1. Chiropractors


    How to find one: Go to the American Chiropractic Association's web site (www.acatoday.org) and search on their "Find a Doctor" page.

    2. Physiatrists or Rehabilitation Physicians

    What they treat: Injuries and conditions that affect how you move. They diagnose and treat pain related to nerves, muscles, and bones including carpal tunnel, neck and back pain, sports and work injuries, herniated discs, arthritis, pinched nerves, and concussions without the use of surgery.

    How to find one: Go to the web site of the American Academy of Physical Medicine and Rehabilitation (www.aapmr.org).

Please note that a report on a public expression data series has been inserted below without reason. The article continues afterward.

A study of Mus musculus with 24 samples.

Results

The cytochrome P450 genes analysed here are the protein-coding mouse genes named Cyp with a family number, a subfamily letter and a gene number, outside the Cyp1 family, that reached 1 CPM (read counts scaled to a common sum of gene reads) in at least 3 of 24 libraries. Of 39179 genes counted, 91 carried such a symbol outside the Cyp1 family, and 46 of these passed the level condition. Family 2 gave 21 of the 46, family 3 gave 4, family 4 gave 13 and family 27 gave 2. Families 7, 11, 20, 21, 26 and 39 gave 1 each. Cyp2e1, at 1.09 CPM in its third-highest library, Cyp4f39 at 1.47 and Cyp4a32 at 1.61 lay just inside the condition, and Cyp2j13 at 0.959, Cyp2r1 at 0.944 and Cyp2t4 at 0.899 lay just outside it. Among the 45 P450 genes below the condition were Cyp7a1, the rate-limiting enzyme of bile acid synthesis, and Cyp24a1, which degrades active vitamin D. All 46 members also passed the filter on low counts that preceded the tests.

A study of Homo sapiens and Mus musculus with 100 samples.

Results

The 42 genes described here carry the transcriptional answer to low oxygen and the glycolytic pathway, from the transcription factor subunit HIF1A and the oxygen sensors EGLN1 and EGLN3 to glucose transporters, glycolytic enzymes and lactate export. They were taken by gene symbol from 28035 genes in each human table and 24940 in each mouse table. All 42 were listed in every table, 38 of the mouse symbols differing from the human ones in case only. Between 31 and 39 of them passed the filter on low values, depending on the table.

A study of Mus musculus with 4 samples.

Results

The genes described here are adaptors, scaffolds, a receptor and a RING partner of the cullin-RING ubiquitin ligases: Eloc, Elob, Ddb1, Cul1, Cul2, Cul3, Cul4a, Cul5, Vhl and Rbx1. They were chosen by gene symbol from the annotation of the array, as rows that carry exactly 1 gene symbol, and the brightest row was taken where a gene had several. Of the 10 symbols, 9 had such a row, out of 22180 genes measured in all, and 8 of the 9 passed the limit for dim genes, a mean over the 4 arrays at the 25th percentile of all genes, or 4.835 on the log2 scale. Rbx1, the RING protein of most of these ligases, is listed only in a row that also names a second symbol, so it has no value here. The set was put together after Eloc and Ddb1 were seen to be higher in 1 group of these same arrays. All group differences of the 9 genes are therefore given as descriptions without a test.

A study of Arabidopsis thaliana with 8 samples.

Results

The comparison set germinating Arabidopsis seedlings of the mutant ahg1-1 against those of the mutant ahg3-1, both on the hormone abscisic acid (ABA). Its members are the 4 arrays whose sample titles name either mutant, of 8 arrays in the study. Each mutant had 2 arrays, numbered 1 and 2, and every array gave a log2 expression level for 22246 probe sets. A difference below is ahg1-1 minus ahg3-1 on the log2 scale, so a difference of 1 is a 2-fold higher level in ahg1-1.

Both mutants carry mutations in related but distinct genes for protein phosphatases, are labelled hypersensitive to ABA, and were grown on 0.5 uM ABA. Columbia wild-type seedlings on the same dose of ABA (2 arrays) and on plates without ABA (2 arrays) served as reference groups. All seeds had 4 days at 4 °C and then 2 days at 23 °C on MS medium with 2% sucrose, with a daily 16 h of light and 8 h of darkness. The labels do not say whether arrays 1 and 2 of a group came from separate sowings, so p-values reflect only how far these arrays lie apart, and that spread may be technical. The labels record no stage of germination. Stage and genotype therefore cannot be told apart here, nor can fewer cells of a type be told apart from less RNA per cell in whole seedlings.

3. Rheumatologists

    What they treat: Rheumatic diseases, including arthritis, gout, and tendinitis, which can cause pain, swelling, and stiffness in the joints, muscles, and bones. Treatments may include medicines or anti-inflammatory or pain-blocking injections in your tendons or joints.

    How to find one: Go to the American College of Rheumatology's web site (www.rheumatology.org).

    4. Orthopedic Surgeons

    What they treat: Injuries and diseases that affect your musculoskeletal system, which includes your bones, joints, ligaments, tendons, muscles, and nerves. Many specialize in certain parts of the body like the hips, knees, and feet. Once they diagnose your injury or disorder, they'll create a treatment plan that could include medicine. They might also recommend exercises (or refer you to a physical therapist) to help restore movement, strength, and function to your body and teach you how to prevent further issues.

    How to find one: Go to the web site of the American Academy of Orthopaedic Surgeons (www.aaos.org).